Rick Nadan went into the surrogacy process much like the average hopeful parent: financially prepared, emotionally ready and physically healthy.
But soon after he learned the gestational carrier who would carry his children was pregnant, the hopeful father learned he was HIV positive.
He had tested negative at the routine tests required for surrogacy in early December 2006. Weeks later, with pregnancy underway, he visited his doctor. “I felt really sick and it wasn't going away," he says. “I went to the doctor and he suggested doing a routine HIV test."
Results were inconclusive. He underwent a series of additional tests and finally received the positive diagnosis.
His mind reeled. “What's going to happen to me? What about the kids? What about the surrogate?"
Rick's fertility endocrinologist recommended terminating the pregnancy — but Rick knew that couldn't be the only option. He flipped into high gear, contacting every in-vitro fertilization (IVF) specialist he could find, all over the country.
“Most of them were wonderful," he says.
They confirmed that the chance of the embryos being infected was very low and the risk of transmitting HIV to the gestational carrier even lower. Some even felt strongly enough they were willing to call Rick's endocrinologist and argue his case.
A specialist in the Boston area tested his sperm samples, with negative results: there was no HIV present.
“In the process of all that, what I did learn was that there really have been thousands of serodiscordant couples – meaning one person is HIV positive and one is negative— that had undergone this process," Rick says.
Rick's doctor spoke with the IVF surrogate personally to assure her the process would be safe. She responded well to the news and had no qualms about moving forward with the pregnancy.
Pregnancy aside, Rick was also faced with the reality of his diagnosis. “If it wasn't for the fact of knowing that I was pregnant and having one or two really strong friends supporting me, I would have just fallen apart," he says.
The news came just before he was scheduled to begin a doctoral program in nursing practice (D.N.P.) at Case Western Reserve University. Newborn twins and school promised a heavy load for Rick to shoulder alone, but he had been game for it. Coping with an HIV diagnosis at the same time felt overwhelming. “I absolutely went from one of the highest points of my life to, 'Oh my god, what have I done?'"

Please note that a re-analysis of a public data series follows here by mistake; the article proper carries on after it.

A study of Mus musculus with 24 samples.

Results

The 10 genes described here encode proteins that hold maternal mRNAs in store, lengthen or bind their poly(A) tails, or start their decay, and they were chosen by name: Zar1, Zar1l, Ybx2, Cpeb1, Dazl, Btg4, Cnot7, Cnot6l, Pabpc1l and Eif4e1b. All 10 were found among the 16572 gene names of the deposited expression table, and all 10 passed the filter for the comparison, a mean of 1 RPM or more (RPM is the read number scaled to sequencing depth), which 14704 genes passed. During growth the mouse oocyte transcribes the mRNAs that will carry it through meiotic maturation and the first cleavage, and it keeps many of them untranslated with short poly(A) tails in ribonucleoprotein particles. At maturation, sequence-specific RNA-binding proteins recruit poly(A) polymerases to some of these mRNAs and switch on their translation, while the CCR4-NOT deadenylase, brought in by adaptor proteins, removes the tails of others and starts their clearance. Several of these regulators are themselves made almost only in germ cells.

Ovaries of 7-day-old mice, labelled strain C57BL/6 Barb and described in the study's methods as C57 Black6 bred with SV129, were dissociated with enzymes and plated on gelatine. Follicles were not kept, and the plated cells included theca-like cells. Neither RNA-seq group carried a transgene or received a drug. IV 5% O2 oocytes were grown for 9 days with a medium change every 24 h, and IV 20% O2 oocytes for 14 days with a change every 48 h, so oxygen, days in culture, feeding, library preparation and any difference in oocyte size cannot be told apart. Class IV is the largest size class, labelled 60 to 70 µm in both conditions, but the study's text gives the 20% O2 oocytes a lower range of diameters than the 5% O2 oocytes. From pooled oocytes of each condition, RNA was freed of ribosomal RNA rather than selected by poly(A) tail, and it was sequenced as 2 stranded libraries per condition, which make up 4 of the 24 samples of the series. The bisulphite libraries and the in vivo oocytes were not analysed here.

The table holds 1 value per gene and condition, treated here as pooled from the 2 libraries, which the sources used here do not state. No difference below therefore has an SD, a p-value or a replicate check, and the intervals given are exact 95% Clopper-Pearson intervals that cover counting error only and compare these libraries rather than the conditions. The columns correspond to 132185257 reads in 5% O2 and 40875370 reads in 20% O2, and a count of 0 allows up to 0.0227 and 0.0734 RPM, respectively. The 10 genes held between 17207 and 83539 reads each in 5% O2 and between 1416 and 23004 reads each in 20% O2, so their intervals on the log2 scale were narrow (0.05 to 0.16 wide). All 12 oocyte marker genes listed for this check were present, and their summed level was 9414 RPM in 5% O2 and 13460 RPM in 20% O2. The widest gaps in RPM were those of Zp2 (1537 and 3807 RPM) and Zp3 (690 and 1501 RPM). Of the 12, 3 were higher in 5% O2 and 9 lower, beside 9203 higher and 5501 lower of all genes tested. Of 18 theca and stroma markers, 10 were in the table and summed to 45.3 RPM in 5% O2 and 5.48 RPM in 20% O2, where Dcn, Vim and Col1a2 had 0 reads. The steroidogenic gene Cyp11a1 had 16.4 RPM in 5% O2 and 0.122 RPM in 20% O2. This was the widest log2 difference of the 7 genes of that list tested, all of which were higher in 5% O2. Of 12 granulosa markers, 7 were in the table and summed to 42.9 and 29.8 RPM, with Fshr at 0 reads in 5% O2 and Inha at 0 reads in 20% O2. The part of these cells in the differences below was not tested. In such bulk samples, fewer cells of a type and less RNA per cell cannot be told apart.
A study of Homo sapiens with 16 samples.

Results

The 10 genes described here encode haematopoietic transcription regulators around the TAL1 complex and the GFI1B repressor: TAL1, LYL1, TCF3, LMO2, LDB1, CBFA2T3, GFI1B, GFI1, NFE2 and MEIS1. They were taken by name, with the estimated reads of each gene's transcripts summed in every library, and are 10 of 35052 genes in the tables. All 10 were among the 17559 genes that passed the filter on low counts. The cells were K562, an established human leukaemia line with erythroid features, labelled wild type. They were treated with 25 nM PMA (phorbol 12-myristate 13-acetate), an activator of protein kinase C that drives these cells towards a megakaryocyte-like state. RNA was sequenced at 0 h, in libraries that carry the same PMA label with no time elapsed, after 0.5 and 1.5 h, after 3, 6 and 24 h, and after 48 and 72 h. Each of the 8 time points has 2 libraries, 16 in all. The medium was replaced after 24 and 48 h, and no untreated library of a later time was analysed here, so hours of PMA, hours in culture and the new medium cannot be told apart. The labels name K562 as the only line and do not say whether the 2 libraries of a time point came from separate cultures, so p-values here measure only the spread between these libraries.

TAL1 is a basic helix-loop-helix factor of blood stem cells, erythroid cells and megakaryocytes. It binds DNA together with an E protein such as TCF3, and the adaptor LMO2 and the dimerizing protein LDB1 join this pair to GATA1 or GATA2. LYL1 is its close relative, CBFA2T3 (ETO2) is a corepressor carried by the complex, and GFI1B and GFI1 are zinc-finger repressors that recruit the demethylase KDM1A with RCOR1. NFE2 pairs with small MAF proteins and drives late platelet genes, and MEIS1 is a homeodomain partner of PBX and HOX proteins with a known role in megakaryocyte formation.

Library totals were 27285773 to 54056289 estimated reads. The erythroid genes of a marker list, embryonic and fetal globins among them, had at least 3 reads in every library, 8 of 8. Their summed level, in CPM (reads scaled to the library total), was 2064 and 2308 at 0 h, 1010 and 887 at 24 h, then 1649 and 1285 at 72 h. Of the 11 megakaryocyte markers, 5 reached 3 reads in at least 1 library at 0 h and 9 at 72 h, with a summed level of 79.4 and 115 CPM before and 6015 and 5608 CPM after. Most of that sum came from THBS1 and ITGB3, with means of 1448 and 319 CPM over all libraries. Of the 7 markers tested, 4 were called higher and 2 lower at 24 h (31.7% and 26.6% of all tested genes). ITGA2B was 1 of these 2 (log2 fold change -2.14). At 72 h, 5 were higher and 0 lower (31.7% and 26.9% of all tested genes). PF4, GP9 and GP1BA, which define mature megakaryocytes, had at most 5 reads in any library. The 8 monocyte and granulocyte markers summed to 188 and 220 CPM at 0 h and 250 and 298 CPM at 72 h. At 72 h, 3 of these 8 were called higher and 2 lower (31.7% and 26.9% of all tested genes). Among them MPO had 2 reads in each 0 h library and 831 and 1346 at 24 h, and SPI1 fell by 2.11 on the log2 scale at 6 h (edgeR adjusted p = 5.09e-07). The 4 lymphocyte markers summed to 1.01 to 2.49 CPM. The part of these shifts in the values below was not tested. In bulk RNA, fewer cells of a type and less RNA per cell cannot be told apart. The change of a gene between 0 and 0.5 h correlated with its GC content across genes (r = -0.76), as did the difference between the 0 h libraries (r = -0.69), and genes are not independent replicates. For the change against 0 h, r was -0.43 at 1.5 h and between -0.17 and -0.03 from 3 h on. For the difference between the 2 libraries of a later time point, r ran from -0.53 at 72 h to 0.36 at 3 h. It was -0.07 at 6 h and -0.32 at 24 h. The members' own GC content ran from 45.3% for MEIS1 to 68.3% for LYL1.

Against his friends' urging, he left his home in Queens, New York for a month-long introductory session for his D.N.P. program, hoping that staying busy would quell his anxiety.
“Believe it or not, I got A's and B's," he says, “but I was chewing on Valiums like Tic Tacs the entire time."
Rick Nadan's kids with the family dog
With the support of friends and his reassuring doctor, Rick adjusted to his new reality.
Eight months later, Rick became a father to healthy twins, Savannah and Keith. The last holdouts for support among his family and friends were his father and stepmother, who worried about his responsibility of raising children alone.
“The whole [IVF] process, for them, was very science fiction," Rick says. “They just looked at me, like, 'How the hell are you going to do this?'"
Their fears subsided the moment they met the twins. “Once they saw their grandbabies, they just sort of melted."
He had always wanted kids. When he was younger, though, options were slim for gay men: IVF wasn't widely available and he wasn't certain he would be allowed to adopt. But even after he met a gay friend with twin daughters, he waited.
He had always imagined starting a family with someone else. Plus, he had been working on his education and his career.
Eventually, as a nurse manager for infectious diseases, he found himself solid in his career and settled, albeit without a partner. “I was making my six-figure salary, I had the corner office, all that stuff. I really didn't have any reason not to do it."
Having met a specialist in Boston who could test semen samples for HIV, Rick decided a few years later to grow his family. Five years after Savannah and Keith's birth, Rick became father to a second set of twins, Calista and Elizabeth.
When Rick's father became ill, he left his job — temporarily at first — to care for his dad. Rick's father passed away a year later.
“When he died, my choice was go back to work and go back to the way I was doing it, or stay home," Rick says. Thanks to an inheritance from his father, he was able to stay home.
“It was the first time I decided that work was not the most important thing in my life anymore. I like being a dad much better."
As a single dad, a gay dad and a dad with HIV, Rick initially felt isolated. Though he hasn't met many HIV-positive single gay dads, he now has a strong network of gay parents to call friends.
“Once I found them, the isolation aspect really seemed to dwindle," he says. “I have plenty of friends that are [HIV] positive, even if they don't have kids of their own."
He raises his brood with the help of family and friends, and only occasionally wonders what he's gotten himself into. “Once in a while, I look at the kids and think, 'Gosh, how did this happen?'" he jokes. “I hate all the laundry, but that kind of comes with the territory. For me, it's just what life is and what I've always wanted."